Google today launched a Secure Open Source (SOS) pilot program, managed by the Linux Foundation, through which it will set aside $ 1 million to compensate developers who work on initiatives to better secure open source software.
Abhishek Arya, senior engineer and head of Google’s open source security team, said the effort is the latest installment in a $ 10 billion commitment Google previously made to open source security. The decision to compensate developers for their efforts will be based on guidelines established by the National Institute of Standards and Technology (NIST) branch of the U.S. Department of Commerce in response to the recent executive order on cybersecurity issued by the Biden administration.
Other factors include whether the project is included in the Harvard 2 Census Study of the Most Used Packages and whether the issue being resolved has a score of 0.6 or higher in the OpenSSF Criticality Score project.
The rewards will be based on the complexity and impact of the job ranging from $ 10,000 or more for complicated, high impact and lasting improvements that almost certainly prevent major vulnerabilities to $ 505 for small improvements that have merit. from a security perspective. Initial funding is available on a limited basis for impactful improvements of moderate to high complexity over a longer period. These requests will require a detailed plan of how the improvements will be made.
Specifically, the Linux Foundation seeks to encourage the strengthening of continuous integration / continuous delivery (CI / CD) pipelines and distribution infrastructure or any other task defined as part of the supply chain levels for software artifacts that deals with everything from code reviews to dependency updates. The program will also encourage open source project managers to embrace signing and verifying software artifacts.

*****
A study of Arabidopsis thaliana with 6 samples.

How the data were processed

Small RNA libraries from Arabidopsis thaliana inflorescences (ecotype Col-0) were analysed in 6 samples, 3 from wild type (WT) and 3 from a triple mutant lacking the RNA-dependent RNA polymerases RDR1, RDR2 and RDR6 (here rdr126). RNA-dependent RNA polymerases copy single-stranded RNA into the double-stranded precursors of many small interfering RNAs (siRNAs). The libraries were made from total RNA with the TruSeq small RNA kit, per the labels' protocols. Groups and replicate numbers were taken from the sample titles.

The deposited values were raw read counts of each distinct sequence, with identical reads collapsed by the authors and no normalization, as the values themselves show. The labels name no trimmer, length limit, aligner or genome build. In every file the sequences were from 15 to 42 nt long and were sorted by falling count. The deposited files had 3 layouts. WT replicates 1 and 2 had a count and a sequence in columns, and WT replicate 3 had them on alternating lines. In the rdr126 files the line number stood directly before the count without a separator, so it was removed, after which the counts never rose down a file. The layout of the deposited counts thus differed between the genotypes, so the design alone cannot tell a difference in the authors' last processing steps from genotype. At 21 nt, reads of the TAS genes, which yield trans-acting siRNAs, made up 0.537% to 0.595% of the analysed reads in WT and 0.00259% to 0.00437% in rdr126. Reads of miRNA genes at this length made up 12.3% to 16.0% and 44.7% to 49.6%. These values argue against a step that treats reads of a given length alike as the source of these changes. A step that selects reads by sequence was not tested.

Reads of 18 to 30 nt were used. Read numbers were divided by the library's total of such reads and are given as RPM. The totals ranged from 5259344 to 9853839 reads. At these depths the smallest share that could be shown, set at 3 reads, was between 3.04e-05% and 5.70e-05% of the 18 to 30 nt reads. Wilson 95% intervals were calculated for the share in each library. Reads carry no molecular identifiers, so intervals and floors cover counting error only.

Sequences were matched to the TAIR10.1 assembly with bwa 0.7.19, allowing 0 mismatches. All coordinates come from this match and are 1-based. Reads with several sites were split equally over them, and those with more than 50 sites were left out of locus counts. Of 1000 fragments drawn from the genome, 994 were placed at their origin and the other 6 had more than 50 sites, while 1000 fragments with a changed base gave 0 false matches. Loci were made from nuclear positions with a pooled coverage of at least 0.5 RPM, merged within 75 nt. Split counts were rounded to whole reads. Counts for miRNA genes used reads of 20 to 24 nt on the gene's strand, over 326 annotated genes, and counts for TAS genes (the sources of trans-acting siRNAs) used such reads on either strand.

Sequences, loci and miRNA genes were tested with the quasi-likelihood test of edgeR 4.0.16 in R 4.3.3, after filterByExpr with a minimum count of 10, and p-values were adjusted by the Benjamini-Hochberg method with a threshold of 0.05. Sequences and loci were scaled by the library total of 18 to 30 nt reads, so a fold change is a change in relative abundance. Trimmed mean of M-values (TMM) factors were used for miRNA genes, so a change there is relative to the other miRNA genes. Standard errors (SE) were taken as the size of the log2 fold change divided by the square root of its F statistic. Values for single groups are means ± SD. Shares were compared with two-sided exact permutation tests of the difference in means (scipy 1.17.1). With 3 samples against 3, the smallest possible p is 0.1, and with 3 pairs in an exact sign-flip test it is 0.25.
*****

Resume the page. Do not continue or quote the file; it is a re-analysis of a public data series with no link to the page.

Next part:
The Linux Foundation also encourages open source projects to earn a best practice badge from the Basic Infrastructure Initiative (CII) it administers.
Arya says the $ 1 million investment is the start of an effort by Google and the Linux Foundation; the hope is that other organizations will bring in financial resources to reward developers for the time and effort put into improving cybersecurity.
When it comes to software security, the challenge is that most developers focus squarely on innovation. Security is generally viewed by most developers as a less glamorous set of programming tasks that another open source contributor will tackle. As a result, the number of developers focused on open source security issues is relatively low. Google is hoping that if developers are paid for these efforts, a small group of open source security-focused developers could emerge, Arya noted.
Following a series of high-profile software supply chain breaches, the focus is now on the security of open source software. Today, most applications use, to varying degrees, open source components, not all of which are equally secure. Cybersecurity teams regularly find themselves looking for vulnerabilities that may exist in older versions of open source software or those that have just been discovered. The more secure the open source software is to begin with, the less frequent this tedious task becomes.